Gallery of Living History judges praise amazing designs as school students’ competition winner named
Monday 31 January 2022
A thought-provoking new statue designed by pupils at a Coventry school will be installed in Coventry city centre following a unique competition run by the Gallery of Living History (GOLH).
Organised by award-winning actor and director Andy Serkis and film producer Johnathan Cavendish in collaboration with Coventry University Chancellor Dr Margaret Casely-Hayford, the GOLH Schools Competition attracted an amazing set of entries.
Set against the ongoing public debate around statues of historical figures, some of which have been defaced and even torn down, the competition sought not only to find a design, but tasked entrants to explain how they would listen well to opposing views and respond to criticism of their choice of subject with facts and evidence and not just emotion.
The objective of the competition was to encourage young people to tell their own stories about what history does and should mean to them.
While some of the entrants put forward statues of well-researched Coventrians who have made a huge impact, others opted to design statues that depicted concepts rather than people.
The teams behind the twelve shortlisted designs were given support by Coventry University’s Faculty of Arts and Humanities- including advice on what materials to use and how to carry out historical research.
The expert judging panel included Andy Serkis, Misan Harriman, Chair of London’s Southbank complex, broadcaster Sir Trevor Phillips, historian Dr Miranda Kaufmann, artist and curator Karen MacLean, student Esme Weil and art historian Professor Frances Suzman-Jowell.
A design from Sidney Stringer Academy School entitled ‘Peace, Equality, Unity and Acceptance’, depicting a tree of hands sculpture, was selected as the winner.
The design shows a tree with two arms reaching up to form the trunk, with the hands holding a dove. It represents Coventry’s commitment to peace, equality, unity and acceptance following the devastation inflicted on the city during the Second World War.
It also features glass hands cast from Coventrians, to represent that the tree belongs to everyone.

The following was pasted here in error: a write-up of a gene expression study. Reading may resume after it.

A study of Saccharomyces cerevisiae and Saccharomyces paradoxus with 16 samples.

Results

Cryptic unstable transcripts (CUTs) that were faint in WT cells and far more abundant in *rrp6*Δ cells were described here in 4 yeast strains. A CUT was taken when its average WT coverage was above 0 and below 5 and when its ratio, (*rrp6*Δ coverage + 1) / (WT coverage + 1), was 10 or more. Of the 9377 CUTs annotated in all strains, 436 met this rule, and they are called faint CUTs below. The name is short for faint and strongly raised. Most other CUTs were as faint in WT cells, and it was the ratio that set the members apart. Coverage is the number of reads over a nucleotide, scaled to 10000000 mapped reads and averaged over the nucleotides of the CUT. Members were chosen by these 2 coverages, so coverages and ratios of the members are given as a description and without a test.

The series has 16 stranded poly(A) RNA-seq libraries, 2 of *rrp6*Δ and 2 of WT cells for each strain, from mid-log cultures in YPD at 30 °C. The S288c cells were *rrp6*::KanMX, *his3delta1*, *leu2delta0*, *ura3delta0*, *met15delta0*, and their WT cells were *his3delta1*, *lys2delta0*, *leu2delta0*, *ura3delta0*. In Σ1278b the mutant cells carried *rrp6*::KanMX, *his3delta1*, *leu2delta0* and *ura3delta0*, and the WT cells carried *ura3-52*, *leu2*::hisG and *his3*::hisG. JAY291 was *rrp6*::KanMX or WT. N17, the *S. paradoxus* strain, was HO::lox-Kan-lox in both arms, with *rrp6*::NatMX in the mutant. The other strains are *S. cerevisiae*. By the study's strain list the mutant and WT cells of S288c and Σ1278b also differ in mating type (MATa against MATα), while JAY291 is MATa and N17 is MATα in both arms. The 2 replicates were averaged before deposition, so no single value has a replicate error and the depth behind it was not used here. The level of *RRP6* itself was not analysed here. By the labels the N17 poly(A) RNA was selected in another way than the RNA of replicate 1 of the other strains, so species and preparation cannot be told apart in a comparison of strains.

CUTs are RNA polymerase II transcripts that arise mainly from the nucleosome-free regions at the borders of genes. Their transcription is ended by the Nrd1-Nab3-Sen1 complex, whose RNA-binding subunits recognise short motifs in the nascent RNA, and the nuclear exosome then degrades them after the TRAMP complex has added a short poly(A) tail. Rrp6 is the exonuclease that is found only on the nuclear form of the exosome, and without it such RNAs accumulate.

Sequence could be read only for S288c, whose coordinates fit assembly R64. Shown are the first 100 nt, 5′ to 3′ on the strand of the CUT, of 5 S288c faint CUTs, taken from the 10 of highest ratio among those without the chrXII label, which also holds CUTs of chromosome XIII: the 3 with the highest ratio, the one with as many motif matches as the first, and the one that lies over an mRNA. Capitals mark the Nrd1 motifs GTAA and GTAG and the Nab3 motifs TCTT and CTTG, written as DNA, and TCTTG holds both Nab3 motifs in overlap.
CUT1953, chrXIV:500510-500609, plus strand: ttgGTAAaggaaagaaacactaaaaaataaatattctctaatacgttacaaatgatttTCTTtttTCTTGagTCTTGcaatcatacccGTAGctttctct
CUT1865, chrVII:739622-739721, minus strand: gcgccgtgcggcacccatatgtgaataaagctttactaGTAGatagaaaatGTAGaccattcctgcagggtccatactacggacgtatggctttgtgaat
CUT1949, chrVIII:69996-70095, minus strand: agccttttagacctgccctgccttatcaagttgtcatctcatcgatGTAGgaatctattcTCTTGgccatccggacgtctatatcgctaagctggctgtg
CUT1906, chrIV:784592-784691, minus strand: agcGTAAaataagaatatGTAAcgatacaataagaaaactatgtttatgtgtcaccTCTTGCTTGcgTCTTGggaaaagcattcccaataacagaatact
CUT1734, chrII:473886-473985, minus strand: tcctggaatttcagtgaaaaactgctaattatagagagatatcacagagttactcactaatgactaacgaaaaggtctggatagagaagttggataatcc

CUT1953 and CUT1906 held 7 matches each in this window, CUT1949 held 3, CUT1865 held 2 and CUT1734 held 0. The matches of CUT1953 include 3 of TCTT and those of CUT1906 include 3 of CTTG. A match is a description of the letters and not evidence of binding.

A design with the working title Pauline Black, also from Sidney Stringer School, and another from Moreton School with the working title Justice for the NHS, were named as runners up.
The statue will be made by Pangolin Editions, Europe’s largest Sculpture Foundry, and installed on a bespoke GOLH plinth, unveiled in June.
Visitors will also be able to use augmented reality on their phones to view the runner- up designs on the plinth, while videos will provide further information about the entrants.
In all the shortlisted submissions the conceptualisation was amazing. The time and passion that they had dedicated comes through whether it was a local story or a more global story.
Even the major themed entries had a personal connection. It was very hard to choose between a single person and a large conceptual idea. To take a broader view was very forward thinking. At the same time I loved those that had a really local connection.
Fellow judge Karen MacLean said she found it hard to believe such sophisticated designs had been created by young people aged just 12-14, while Sir Trevor Phillips said the submissions gave him hope for the future.
The past shouldn’t be written just by a small group of people for a small group of people, it shouldn’t just be intellectual historians focusing on high ranking generals, politicians and the Royal family, the past is about all of us and about all of our contributions to making a successful society. This project gives young people the chance to look at who they consider to be heroes and to recognise their contributions.
The quality of all the designs was astonishing, the judges were overwhelmed by it, not just the originality of the submissions, but also the thought that went into how they were designing and conceptualising their ideas.
The Gallery of Living History works to examine and highlight aspects of our history that may have been forgotten, overlooked or ignored.
To find out more visit the Gallery of Living History website.